Perceptions of the Group-Exercise Climate Among Women Breast Cancer Survivors

Theresa Brown, Oklahoma State University, USA
Mary Fry, University of Kansas, USA

Theme: Motivation and self-perceptions

Poster Number: 49

Program ID: POS-1

Presentation: October 3, 2013 5:30 pm - 7:00 pm

Room: Napoleon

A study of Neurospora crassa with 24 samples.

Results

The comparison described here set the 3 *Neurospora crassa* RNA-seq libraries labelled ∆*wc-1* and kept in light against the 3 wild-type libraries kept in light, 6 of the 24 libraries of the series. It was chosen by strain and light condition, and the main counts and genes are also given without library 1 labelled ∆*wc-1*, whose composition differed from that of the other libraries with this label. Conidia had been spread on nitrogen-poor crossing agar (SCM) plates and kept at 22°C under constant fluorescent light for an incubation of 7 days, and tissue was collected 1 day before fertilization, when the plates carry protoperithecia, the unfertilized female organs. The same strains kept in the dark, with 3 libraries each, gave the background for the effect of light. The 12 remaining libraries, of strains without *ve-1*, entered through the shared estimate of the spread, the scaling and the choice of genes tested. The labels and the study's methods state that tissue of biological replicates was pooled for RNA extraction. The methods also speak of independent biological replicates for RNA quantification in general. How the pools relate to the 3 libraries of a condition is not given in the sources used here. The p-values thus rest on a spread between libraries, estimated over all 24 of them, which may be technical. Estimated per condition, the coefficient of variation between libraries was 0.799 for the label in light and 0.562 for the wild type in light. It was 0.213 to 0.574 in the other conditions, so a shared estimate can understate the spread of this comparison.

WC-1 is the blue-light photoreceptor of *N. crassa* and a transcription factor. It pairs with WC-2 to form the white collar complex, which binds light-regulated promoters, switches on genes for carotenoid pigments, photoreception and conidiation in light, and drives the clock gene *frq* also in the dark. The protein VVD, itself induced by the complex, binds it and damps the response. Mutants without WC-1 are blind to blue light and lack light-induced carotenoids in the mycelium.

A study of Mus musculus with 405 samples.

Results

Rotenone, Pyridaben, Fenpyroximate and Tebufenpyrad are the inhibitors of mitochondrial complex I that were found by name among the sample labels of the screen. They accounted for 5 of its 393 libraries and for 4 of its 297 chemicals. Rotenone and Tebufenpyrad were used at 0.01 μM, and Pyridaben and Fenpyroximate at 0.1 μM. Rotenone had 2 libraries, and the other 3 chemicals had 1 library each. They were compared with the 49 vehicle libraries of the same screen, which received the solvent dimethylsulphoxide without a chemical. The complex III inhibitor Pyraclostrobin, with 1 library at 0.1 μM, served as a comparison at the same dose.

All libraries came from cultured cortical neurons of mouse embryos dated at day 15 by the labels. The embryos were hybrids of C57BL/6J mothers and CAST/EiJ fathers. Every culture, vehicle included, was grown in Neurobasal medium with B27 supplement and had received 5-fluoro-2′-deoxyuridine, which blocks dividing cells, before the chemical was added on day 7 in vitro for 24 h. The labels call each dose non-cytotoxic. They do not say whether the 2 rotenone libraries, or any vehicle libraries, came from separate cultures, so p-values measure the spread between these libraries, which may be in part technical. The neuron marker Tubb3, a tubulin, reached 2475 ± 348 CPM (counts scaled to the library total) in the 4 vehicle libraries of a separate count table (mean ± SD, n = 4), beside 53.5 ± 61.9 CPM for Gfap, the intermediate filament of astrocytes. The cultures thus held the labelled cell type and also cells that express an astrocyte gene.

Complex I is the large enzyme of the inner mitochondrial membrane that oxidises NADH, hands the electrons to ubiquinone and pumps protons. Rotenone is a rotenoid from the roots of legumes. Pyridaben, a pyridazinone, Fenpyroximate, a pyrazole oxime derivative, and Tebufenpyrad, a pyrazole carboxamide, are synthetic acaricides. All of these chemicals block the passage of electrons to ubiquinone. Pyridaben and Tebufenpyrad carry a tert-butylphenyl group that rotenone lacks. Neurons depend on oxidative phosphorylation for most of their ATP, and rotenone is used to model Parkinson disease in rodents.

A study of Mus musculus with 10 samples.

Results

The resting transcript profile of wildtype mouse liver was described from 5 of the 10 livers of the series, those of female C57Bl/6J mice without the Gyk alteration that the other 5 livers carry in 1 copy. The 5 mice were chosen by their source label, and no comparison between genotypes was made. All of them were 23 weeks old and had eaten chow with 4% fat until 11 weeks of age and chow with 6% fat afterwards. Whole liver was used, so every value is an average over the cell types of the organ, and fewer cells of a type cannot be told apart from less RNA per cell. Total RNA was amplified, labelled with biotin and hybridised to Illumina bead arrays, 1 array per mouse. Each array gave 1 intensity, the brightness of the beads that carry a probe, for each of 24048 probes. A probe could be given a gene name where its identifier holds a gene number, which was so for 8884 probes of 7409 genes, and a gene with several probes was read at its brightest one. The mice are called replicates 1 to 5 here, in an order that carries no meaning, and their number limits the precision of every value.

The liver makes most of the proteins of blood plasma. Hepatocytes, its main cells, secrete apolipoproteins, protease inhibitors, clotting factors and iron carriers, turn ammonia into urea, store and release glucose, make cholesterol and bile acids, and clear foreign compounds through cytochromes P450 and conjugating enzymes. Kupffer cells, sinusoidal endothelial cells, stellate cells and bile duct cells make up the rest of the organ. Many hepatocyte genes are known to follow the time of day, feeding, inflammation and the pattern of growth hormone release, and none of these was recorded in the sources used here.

Exercise may prove to be a valuable tool in improving overall survivorship for women diagnosed with breast cancer (BC) (McNeely, et al., 2006). Physical activity participation declines with cancer treatment (Irwin & Ainsworth, 2004; Galvao & Newton, 2005), and little research has considered cancer survivors’ exercise experiences. The purpose of this study was to examine women BC survivors’ perceptions of the motivational climate in their group exercise class, using both Achievement Motivation Theory (Nicholls, 1978) and a caring climate framework (Newton et al., 2007). Women BC survivors currently enrolled in a group-exercise format (N = 175; 23-77 age range; Mage = 51.51) were invited to complete an on-line survey regarding their class experiences. The participants perceived the environment as highly caring and that staff engaged in caring and task-involving behaviors. They also reported moderately high commitment to exercise, as well as moderately high life satisfaction and body image. Canonical correlation analysis revealed that members who perceived a high caring climate and that both staff and members engaged in caring and task-involving behaviors were more likely to report higher life satisfaction and body image, as well as greater commitment to exercise (Wilks’ L=.813, F(9)=3.57, p<.0001). The correlation accounted for 37% of the variance. Results suggest that women breast cancer survivors who exercise in settings they perceive as caring, and where staff engage in caring and task-involving behaviors are more likely to report positive experiences such as greater life satisfaction. The behaviors in which staff and other members engage may be particularly important in influencing the women’s experiences, and the study highlights the importance of creating a positive setting in group-based fitness classes for BC survivors.